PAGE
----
New TV Sitcom “The Mayor” gives politics a funny edge
Bernard David Jones brings his comedic acting chops – perfected during his time spent at CollegeHumor – to primetime TV in one of Fall TV’s new comedy series The Mayor (TUESDAYs (9:30|8:30c) on ABC).
The new ABC comedy revolves around young rapper ‘Courtney Rose’ (Brandon Michael Hall), who has toiled for years in a small inner-city apartment making his music while looking for his big break. Tired of waiting for opportunity, Courtney cooks up the publicity stunt of the century: Running for mayor of his hometown in California to generate buzz for his music career.
Unfortunately for Courtney, his master plan goes wildly awry, ending in the most terrifying of outcomes: an election victory. With the help of his mother (Community’s Yvette Nicole Brown) and best friends ‘Jermaine Leforge’ (Bernard David Jones) and ‘T.K. Carter’ (Marcel Spears), as well a rival foe turned allied partner ‘Valentina’ (Glee’s Lea Michele), Courtney will have to overcome his hubris if he wants to transform the struggling city he loves.
Click here for the official Trailer or use the widget below to view.
With critics already praising the show – “In a word, The Mayor is charming, pairing a super-likeable cast with a fun and instantly engaging premise that it wastes little time diving into” Matt Mitovich, TV Line – the series also promises to tackle tough social issues while depicting a universe where heart and politics aren’t mutually exclusive, with JET Magazine describing it as “the political sitcom for millennials.”
Born and raised in Paterson, NJ, Bernard David Jones realized, at a young age, that he was born for greatness. He started acting and singing in church, and he later joined a performing arts company. With this company, he traveled the USA sharing his gifts with everyone.
Bernard attended high school at Rosa L. Parks School of Fine and Performing Arts. After graduating, he continued his education at Morehouse College in Atlanta, GA, where he joined KAΨ Fraternity and received his B.A. in Theatre.
While in college, Bernard was given the opportunity of a lifetime joining an international tour singing backgrounds for Grammy nominated singer Lyfe Jennings.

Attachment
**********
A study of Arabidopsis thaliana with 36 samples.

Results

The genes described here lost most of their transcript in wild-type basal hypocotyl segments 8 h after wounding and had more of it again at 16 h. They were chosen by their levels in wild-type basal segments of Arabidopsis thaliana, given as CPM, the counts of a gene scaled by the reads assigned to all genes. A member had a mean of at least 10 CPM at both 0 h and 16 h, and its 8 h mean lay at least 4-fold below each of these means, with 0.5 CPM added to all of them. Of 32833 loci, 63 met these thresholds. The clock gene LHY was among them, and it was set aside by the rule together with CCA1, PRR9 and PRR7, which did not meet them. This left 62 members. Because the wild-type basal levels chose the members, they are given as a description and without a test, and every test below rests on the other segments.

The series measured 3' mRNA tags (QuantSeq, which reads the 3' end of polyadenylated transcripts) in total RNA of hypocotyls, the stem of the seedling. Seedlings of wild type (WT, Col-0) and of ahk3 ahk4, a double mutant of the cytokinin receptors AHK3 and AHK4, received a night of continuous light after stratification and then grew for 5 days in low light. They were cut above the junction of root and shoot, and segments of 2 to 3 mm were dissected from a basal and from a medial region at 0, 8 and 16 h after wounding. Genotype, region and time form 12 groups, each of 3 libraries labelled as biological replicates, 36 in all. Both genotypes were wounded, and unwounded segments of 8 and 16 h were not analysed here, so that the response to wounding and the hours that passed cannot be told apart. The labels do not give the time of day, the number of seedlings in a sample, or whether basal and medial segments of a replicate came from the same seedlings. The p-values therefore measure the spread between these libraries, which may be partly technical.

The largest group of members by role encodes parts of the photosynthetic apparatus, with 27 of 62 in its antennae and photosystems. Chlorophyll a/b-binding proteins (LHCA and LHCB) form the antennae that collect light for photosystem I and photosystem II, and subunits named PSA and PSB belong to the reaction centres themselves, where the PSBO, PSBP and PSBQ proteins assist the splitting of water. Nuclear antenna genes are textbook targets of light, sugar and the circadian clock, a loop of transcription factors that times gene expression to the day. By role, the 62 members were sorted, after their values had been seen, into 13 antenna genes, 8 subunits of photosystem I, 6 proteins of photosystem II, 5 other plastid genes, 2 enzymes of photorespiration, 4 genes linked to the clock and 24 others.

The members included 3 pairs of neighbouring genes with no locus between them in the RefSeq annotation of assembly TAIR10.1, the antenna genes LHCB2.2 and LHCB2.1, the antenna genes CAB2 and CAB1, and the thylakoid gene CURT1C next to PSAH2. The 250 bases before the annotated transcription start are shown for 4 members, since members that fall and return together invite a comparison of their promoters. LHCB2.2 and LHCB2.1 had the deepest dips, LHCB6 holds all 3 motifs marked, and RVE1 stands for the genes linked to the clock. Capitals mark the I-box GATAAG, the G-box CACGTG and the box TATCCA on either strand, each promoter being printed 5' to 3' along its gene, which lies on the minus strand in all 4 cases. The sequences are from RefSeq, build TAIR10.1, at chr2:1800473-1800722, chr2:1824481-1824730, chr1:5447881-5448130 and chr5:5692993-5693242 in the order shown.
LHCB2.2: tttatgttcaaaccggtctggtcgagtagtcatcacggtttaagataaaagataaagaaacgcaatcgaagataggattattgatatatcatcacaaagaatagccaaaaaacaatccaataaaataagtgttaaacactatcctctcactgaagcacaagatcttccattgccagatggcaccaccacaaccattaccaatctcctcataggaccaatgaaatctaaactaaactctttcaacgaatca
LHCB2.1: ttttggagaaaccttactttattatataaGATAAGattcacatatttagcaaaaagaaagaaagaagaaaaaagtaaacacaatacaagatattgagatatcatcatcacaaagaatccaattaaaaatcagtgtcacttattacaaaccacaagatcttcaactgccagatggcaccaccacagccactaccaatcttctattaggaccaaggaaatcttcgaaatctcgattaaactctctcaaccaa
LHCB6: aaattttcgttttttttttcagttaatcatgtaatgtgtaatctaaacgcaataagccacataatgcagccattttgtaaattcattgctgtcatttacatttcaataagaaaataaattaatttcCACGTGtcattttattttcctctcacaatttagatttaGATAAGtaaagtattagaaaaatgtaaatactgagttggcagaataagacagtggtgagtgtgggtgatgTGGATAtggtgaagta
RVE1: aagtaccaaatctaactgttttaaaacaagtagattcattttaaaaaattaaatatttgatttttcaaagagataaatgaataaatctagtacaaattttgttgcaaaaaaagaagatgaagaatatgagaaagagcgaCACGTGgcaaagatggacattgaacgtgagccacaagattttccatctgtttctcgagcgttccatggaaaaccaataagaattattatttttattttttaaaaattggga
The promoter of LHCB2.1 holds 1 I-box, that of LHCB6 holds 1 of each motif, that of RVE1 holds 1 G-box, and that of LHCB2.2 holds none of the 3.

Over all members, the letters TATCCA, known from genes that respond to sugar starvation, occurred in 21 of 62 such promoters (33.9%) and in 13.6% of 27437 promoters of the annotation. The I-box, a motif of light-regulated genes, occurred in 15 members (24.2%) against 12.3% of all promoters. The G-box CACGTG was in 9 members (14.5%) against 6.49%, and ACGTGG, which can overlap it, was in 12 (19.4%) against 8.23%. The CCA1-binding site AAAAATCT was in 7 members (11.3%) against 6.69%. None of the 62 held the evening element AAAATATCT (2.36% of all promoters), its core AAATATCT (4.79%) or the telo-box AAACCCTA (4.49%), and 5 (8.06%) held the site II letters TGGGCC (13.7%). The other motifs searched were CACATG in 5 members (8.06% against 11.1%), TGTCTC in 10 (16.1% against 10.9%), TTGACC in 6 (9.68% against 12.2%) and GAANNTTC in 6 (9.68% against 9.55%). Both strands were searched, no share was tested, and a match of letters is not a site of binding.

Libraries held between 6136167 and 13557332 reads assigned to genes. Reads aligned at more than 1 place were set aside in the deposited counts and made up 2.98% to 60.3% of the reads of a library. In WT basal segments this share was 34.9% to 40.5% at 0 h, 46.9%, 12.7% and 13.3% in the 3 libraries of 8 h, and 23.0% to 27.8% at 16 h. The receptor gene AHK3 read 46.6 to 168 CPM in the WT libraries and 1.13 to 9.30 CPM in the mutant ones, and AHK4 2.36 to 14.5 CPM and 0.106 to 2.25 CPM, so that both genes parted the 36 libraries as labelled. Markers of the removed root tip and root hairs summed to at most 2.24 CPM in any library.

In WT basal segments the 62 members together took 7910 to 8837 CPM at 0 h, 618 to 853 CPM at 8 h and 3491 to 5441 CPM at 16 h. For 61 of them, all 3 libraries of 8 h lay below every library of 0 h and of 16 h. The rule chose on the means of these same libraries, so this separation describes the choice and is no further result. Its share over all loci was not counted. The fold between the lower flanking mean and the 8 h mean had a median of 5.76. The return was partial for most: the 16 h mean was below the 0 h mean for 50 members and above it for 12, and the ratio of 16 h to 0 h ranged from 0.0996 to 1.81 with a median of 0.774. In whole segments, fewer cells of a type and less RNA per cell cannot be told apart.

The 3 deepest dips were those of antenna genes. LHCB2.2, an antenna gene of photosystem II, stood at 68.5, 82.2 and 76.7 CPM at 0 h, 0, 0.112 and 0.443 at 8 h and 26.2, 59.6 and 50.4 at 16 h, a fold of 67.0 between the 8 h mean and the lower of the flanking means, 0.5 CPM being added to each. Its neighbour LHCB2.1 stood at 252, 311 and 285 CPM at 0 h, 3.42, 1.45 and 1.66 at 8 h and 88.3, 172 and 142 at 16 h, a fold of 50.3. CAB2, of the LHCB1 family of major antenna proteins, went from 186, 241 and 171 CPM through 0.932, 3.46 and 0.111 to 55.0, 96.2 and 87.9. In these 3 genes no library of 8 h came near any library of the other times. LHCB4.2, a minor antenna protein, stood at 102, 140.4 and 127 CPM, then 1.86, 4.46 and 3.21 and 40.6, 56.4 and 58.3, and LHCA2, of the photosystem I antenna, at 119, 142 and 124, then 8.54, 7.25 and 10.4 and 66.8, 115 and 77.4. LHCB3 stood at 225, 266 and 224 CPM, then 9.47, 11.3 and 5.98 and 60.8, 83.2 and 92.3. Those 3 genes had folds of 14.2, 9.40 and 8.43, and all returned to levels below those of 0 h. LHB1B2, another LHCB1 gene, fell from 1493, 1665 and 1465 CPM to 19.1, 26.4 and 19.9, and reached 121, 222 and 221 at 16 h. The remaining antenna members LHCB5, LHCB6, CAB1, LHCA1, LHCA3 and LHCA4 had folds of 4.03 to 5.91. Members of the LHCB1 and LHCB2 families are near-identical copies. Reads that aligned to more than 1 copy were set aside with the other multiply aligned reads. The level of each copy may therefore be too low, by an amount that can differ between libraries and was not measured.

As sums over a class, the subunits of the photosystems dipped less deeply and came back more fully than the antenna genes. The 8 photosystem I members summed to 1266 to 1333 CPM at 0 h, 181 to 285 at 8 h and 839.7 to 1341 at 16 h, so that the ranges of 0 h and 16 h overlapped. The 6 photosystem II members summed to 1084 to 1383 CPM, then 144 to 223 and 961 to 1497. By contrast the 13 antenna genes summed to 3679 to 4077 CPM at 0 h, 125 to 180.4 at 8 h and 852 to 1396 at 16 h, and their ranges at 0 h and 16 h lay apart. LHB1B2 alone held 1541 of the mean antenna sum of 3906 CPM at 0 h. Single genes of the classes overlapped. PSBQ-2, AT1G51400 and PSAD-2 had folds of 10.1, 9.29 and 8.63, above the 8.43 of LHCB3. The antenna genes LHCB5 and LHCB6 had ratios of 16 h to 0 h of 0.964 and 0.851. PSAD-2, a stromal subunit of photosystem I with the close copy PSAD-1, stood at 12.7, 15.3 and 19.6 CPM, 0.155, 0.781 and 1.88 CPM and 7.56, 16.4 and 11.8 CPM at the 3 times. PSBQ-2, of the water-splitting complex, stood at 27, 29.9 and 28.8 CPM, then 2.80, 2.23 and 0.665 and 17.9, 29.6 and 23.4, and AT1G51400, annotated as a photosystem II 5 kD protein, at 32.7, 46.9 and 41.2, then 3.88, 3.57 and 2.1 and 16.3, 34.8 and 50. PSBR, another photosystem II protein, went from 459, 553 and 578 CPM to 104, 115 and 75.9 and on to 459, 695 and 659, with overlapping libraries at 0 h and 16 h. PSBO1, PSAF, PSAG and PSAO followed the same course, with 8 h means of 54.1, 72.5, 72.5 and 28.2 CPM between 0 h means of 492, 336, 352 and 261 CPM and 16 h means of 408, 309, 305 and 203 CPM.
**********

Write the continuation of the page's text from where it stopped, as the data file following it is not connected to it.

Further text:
Bernard’s first professional show was at the Alliance Theatre in Atlanta where he played ‘Lil D’ in Andre 3000’s Class of 3000.
From there he went on to play ‘Mushu’ in Disney’s stage production of Mulan and originated the role of ‘JB’ in The Real Tweenagers of Atlanta at the Alliance Theatre.
Around this time, Bernard also started working in television, taking advantage of the booming Atlanta TV industry, appearing as ‘Milo’ on Tyler Perry’s Meet The Browns (TBS) and House of Payne(TBS).
He has also appeared on Single Ladies (VH1) opposite Isiah Washington and Lisa Raye. After a nearly decade stint in Atlanta, Bernard made the move to his current location in Los Angeles, where he soon booked the feature film THE LOOKALIKE, opposite Justin Long, Jerry O’Connell and Gillian Jacobs.
From there Bernard fine tuned his comedic chomps, joining forces with indie powerhouse CollegeHumor and starring in Refinery29’s YouTube series Shitty Boyfriends opposite Sandra Oh.
Bernard currently resides in Los Angeles where he has a penchant for fashion and is an accomplished photographer.
Click here for more information on the show from ABC TV.
A critic of mainstream news media bias, Hanania advocates for peace & justice for Israel & Palestine, & the empowerment of Arabs in America.
"I write about three topics, the Middle East, politics and life in general. I often take my life experiences and offer them in an entertaining way to readers, and I take on the toughest topics like the Israel-Palestine conflict and don't pull any punches about what I feel is fair. But, my priority is always about writing the good story."